Breaking structured data out of its proprietary molds has enabled a completely new class of databases to lead the migration of enterprises to cloud storage platforms, leapfrogging from zero to hero. In the dust - it would seem - are companies like Oracle, SAP, and Sybase that suddenly find themselves playing catch-up. 2012 should be a superb growth year for Cloudera, Hortonworks, MapR, and the many new companies and organizations riding the open source, big data growth wave. And they should enjoy the party while it lasts, says Dan Vesset, IDC's program vice president for data warehousing and analytics, because history tells us such companies only grow so far.
"We're talking about tiny, tiny players with a few million dollars in professional services revenue," Vesset tells RWW, "against multi-billion-dollar corporations. Any time that Oracle or IBM or SAP decide to get in, Hortonworks is just going to disappear. And I suspect Cloudera, MapR will [also] be acquired."
Attrition! Attrition! (as sung by Zero Mostel)
Enjoy these brands while you can, the veteran IDC analyst believes, because before too long they'll become rolled into the portfolios of major players. A decade ago, when Vesset was analyzing the then-emerging field of data warehouse appliances, "we had at least a dozen vendors come in within a very short time period, three years." For example, does anybody remember DATAllegro, which blazed extraordinary new trails in data warehousing technology, to become acquired by Microsoft in July 2008? IBM acquired DataMirror; EMC acquired Greenplum; HP acquired Vertica. These were all data warehousing companies that were blazing trails just three years ago; already, they're distant memories.
Vesset believes the big vendors will give Hortonworks and its brethren "leg room... for a few years." They'll rise up in the oven, and once they're golden brown and baked just right, they'll get consumed. "Maybe one of them will be able to get out organically and create a market," he concedes, if it heeds the lessons of Red Hat and establishes a workable business model for itself around support and service.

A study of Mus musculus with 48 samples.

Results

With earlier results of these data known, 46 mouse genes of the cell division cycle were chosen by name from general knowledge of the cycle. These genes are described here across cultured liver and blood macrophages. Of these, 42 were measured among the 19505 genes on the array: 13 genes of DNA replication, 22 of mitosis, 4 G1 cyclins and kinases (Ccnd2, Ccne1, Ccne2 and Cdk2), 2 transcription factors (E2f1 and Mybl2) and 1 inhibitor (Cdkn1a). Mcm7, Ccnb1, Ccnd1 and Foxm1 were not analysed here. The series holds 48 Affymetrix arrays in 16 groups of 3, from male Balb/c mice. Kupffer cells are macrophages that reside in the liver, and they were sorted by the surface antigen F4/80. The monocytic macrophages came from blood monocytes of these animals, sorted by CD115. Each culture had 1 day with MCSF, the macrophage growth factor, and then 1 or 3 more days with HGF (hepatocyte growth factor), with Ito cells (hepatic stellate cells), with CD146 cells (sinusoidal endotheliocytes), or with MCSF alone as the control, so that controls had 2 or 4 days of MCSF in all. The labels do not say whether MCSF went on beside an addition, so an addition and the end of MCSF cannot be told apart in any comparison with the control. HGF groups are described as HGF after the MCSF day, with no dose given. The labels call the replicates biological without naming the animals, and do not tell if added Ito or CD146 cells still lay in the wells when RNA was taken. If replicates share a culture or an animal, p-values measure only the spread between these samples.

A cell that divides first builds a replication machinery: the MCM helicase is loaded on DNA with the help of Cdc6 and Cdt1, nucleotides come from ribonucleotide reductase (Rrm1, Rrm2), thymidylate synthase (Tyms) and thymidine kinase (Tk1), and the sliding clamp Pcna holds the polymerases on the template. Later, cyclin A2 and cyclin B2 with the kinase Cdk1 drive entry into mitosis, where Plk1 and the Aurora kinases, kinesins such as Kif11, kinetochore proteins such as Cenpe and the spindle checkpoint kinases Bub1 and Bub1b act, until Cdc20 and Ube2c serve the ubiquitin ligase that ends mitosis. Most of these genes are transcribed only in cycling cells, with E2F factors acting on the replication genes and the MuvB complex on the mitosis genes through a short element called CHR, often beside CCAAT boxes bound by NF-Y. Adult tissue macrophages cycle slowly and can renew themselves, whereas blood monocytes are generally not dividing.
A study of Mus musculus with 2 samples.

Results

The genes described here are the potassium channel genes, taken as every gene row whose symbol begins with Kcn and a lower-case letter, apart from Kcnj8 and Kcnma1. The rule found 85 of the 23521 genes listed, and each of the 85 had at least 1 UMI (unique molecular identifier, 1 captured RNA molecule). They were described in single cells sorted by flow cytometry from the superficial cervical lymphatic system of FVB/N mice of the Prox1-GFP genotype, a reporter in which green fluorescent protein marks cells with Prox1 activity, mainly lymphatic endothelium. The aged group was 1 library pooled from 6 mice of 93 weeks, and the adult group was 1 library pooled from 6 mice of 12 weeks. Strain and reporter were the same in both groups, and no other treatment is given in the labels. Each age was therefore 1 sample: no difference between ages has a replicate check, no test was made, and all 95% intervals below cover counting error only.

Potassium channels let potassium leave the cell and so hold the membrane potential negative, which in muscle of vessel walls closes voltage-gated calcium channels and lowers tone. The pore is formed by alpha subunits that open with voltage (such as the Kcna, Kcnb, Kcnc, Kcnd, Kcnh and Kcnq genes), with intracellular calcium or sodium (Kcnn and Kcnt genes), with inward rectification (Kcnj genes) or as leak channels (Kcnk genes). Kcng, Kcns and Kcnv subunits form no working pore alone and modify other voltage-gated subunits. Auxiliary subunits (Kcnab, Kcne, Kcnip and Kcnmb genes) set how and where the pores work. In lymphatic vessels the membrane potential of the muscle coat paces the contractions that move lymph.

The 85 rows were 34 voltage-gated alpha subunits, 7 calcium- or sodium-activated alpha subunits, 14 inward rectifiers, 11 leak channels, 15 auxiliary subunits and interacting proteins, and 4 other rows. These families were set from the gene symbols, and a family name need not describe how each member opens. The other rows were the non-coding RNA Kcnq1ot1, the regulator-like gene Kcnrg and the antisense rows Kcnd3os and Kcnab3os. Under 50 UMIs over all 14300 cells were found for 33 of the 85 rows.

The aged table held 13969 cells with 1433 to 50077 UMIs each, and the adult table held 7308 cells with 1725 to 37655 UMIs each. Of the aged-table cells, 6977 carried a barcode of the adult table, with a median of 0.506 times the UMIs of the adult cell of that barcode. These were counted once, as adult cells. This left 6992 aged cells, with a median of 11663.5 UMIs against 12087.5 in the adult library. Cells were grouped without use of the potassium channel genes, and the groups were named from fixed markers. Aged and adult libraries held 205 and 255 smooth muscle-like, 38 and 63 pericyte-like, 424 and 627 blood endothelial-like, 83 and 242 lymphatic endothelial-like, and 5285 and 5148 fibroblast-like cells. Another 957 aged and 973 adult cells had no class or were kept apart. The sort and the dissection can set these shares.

And here's where a new, big data company looking to survive rather than become acquired, might find an opportunity. Vesset cites a continuing demand for real-world tools to manage Hadoop-style data - tools that feel more like platforms than screwdrivers, and that don't have names like Pig and Sqoop.
"Big vendors are not going to use open source technologies to put anything into production. It's just not feasible for them," he tells us. "They're looking for support functions from companies like Hortonworks or Cloudera or EMC... additional automation software, additional tools and applications to help make Hadoop distributions more manageable by the average administrator or developer, so you don't have to have high-end Java experts."
The customer perception studies that Vesset reads tell him that a majority of information professionals today are unaware of Hortonworks' existence. Some of his colleagues who attended the Hadoop World conference in New York last month reported the show was certainly newsworthy, although it was led by "a bunch of excited engineers looking around for a problem to solve." For him, that's the first sign of history repeating itself: When the data warehousing market took off 15 years ago, he relates, "there were a lot of failed projects because IT took the lead, built up very elegant, very sophisticated systems, and then wondered why nobody's using them."
The vendors Vesset believes will eventually acquire the big data organizations will be searching for methods of integrating Hadoop with their traditional data management technologies - methods that may not have been released yet by that time. Will we come to know what's left of Hadoop using names like "Oracle Enterprise Application Cloud Adaptation Manager 2014?"
"I think within three or four years, more of the large vendors will be seeing real revenue opportunities in this market," he responds. "So we will see more of the big vendors providing some type of solutions and services. Not to say within three or four years that all the startups will be gone; I think there will be a little bit of both."
But hasn't it always been the case that small startups apply themselves to narrow use cases and limited markets, becoming the king of their own respective hills, only to find themselves acquired by larger vendors that see the potential in leading those little fiefdoms... only to forget they exist within a few years, or sooner?
"In any given period of time, [there are] great opportunities for startups. Longer-term, things tend to aggregate. That's not just IT; it's the automotive industry, hotels, airlines. There are a few large vendors in control of most of the market, but there are always smaller vendors who are doing something interesting."